Cynthia Fuhrmann.jpg
Cynthia N. Fuhrmann, PhD

A Graduate School of Biomedical Sciences research team’s far-reaching project to support professional development of early-career scientists received a significant boost recently with the award of a $2.3 million Innovative Programs to Enhance Research Training, or IPERT grant from the National Institute of General Medical Sciences.

The five-year grant supports the development of nationally sourced, competency-themed collections of evidence-based professional skills models, with training and mentoring for educators to aid their implementation within institutions, as well as support for evaluating their work according to rigorous protocols.

“Today’s early-career scientists need a wide breadth of skills to adapt to the diverse professional roles they will move into after their PhD or postdoctoral training,” said Cynthia N. Fuhrmann, PhD, who is principal investigator for the project. “They need to be aware of how science is done in both the private and public sectors, and to be able to communicate clearly in cross-disciplinary and collaborative settings. They need strong writing and leadership skills to efficiently publish their work, recruit funding and start up or manage research groups.”

Students entering PhD training from backgrounds underrepresented in science often face additional hurdles, she added. They may face more challenges in interpreting and navigating “the unsaid culture of science,” face implicit or explicit biases and have difficulty identifying multiple mentors who understand their unique challenges over the course of their science career. Professional development programs can help mitigate these challenges.

Dr. Fuhrmann, associate professor of biochemistry & molecular pharmacology and assistant dean of career and professional development in the GSBS, said the effort was seeded by the American Society for Biochemistry and Molecular Biology’s 2016 summit on sustaining the biomedical research enterprise and is a component of the national Professional Development Hub initiative, known as PD | Hub, hosted by UMMS. The long-term goal is to develop a diverse biomedical research workforce with the professional skills critical to myriad biomedical careers.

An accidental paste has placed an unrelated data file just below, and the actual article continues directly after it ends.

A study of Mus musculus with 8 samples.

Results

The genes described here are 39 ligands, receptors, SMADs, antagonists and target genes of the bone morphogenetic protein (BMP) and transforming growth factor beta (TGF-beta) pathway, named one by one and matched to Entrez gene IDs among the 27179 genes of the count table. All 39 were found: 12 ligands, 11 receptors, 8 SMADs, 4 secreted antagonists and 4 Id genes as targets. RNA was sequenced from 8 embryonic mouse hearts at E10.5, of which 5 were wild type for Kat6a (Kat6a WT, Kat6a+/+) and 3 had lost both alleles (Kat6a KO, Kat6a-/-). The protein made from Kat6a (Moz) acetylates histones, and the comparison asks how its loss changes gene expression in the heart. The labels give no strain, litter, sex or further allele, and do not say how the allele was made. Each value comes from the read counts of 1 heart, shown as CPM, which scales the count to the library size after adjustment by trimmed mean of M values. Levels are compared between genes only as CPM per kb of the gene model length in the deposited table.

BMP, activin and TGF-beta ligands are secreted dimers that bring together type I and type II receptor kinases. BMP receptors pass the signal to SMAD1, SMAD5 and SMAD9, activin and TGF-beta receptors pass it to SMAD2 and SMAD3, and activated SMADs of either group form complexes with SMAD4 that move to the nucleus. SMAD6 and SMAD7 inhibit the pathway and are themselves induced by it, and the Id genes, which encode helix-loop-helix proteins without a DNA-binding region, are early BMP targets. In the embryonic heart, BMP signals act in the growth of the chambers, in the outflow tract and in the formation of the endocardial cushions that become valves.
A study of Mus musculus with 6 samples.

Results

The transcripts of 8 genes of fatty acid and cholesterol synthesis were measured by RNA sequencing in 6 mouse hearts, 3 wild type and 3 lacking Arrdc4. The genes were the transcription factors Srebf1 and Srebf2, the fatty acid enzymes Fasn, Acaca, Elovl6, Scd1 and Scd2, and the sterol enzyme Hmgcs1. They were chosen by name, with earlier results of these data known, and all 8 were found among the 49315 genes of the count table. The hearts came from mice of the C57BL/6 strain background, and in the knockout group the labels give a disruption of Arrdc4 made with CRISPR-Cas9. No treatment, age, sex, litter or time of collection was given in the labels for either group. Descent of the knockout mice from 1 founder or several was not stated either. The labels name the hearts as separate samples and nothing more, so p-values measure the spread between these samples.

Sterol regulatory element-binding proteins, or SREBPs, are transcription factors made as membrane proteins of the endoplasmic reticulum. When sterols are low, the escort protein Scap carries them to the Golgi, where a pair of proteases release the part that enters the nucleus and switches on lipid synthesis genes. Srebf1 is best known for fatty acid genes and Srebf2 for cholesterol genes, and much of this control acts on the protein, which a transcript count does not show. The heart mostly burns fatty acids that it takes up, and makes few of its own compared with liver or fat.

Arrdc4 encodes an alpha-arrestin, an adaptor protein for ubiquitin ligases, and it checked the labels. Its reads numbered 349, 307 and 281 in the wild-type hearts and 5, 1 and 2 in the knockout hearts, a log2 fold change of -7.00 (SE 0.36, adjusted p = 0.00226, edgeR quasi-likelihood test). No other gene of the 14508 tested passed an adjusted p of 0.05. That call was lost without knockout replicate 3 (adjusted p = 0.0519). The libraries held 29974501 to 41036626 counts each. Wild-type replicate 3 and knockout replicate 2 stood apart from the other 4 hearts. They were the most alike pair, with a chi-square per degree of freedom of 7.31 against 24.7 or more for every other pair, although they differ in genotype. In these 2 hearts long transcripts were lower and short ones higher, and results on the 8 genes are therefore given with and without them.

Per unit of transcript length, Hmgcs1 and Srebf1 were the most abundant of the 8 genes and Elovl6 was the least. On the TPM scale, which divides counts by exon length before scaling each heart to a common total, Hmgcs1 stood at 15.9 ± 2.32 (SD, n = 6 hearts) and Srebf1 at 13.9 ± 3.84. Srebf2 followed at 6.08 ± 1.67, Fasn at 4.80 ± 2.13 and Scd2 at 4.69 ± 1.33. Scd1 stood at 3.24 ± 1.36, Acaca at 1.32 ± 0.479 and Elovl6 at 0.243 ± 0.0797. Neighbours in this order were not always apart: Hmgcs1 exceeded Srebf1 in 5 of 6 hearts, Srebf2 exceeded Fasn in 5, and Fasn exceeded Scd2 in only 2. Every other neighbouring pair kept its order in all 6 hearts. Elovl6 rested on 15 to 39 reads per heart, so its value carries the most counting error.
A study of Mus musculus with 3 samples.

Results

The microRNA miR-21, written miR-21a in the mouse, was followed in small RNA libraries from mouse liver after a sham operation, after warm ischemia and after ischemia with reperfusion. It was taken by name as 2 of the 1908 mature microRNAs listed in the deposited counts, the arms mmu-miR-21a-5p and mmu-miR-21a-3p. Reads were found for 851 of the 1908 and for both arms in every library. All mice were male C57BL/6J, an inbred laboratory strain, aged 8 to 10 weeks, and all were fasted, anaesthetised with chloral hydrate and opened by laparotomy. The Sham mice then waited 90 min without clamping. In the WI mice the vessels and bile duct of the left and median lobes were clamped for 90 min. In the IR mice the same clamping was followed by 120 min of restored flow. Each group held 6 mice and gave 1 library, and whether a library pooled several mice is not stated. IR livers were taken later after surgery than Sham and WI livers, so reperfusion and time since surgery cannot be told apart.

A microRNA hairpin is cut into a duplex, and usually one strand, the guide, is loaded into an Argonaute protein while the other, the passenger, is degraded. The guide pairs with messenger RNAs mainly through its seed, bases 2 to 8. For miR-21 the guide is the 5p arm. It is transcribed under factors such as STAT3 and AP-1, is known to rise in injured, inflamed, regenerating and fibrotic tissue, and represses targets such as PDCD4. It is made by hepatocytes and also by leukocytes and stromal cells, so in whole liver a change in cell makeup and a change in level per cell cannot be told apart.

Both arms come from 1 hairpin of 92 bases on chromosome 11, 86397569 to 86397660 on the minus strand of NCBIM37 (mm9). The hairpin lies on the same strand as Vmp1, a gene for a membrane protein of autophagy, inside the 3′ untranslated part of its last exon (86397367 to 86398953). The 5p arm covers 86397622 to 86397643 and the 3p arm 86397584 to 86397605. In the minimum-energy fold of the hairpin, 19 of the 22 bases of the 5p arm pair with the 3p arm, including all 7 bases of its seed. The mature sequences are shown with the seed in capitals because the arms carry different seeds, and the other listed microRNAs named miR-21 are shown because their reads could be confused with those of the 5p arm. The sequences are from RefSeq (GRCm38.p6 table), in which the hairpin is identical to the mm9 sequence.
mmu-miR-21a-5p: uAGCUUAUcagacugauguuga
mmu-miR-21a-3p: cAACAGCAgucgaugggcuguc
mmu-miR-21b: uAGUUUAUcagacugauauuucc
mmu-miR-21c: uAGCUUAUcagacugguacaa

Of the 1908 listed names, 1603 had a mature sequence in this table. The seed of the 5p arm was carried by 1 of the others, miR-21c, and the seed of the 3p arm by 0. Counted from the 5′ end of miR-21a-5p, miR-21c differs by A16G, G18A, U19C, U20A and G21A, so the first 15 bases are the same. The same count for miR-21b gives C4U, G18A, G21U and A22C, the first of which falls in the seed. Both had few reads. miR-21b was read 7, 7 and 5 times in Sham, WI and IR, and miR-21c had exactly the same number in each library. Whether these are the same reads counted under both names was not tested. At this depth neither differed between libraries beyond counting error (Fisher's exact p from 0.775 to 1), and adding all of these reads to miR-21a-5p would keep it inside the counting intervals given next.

Fuhrmann called the effort “groundbreaking” because in addition to leveraging peer review to broadly source and disseminate educational approaches—which is common in undergraduate education but rare in graduate education—“we will be creating a framework through which innovators can be supported, so it’s easier for them to disseminate their work and do so with the details others need to emulate it.” In the future, this framework could be applied to disseminate broader types of graduate education practices, across STEM disciplines.

The project’s team, including researchers and educational leaders from University of California San Francisco, University of Maryland, Utah State University, University of Wisconsin Madison and University of Alabama, in partnership with numerous national organizations, will put out a call for submissions of innovative, effective models of biomedical research training. Fuhrmann said she expected four to seven models to be highlighted in the first collection. The collection would grow over time.

“Our goal is to create communities of practice around each collection,” she said, “so we’ll be hosting train-the-trainer workshops where educators from across the country can participate and then continue meeting regularly to share strategies they’re trying.”

Authors of selected models will become “fellows” and receive an honorarium, travel support, individual mentoring and recognition for their work. The team aims to better align incentives for professional development to be incorporated in graduate education.

A single assessment protocol will be developed for each collection of practices, derived from the selected models and published literature, to provide rigorous training and mentoring and responsible educational evaluation.

Fuhrmann said, “It’s typical to assess satisfaction, for example, or whether students feel like they’ve learned skills. But wouldn’t it be great to be able to push that boundary and evaluate what outcomes came out of this educational intervention?”

UMMS is an ideal host for PD | Hub’s IPERT education collections project because “this project is about cross-disciplinary, cross-sector collaboration to enhance graduate education innovation, two values that are at the heart of our campus culture,” said Fuhrmann.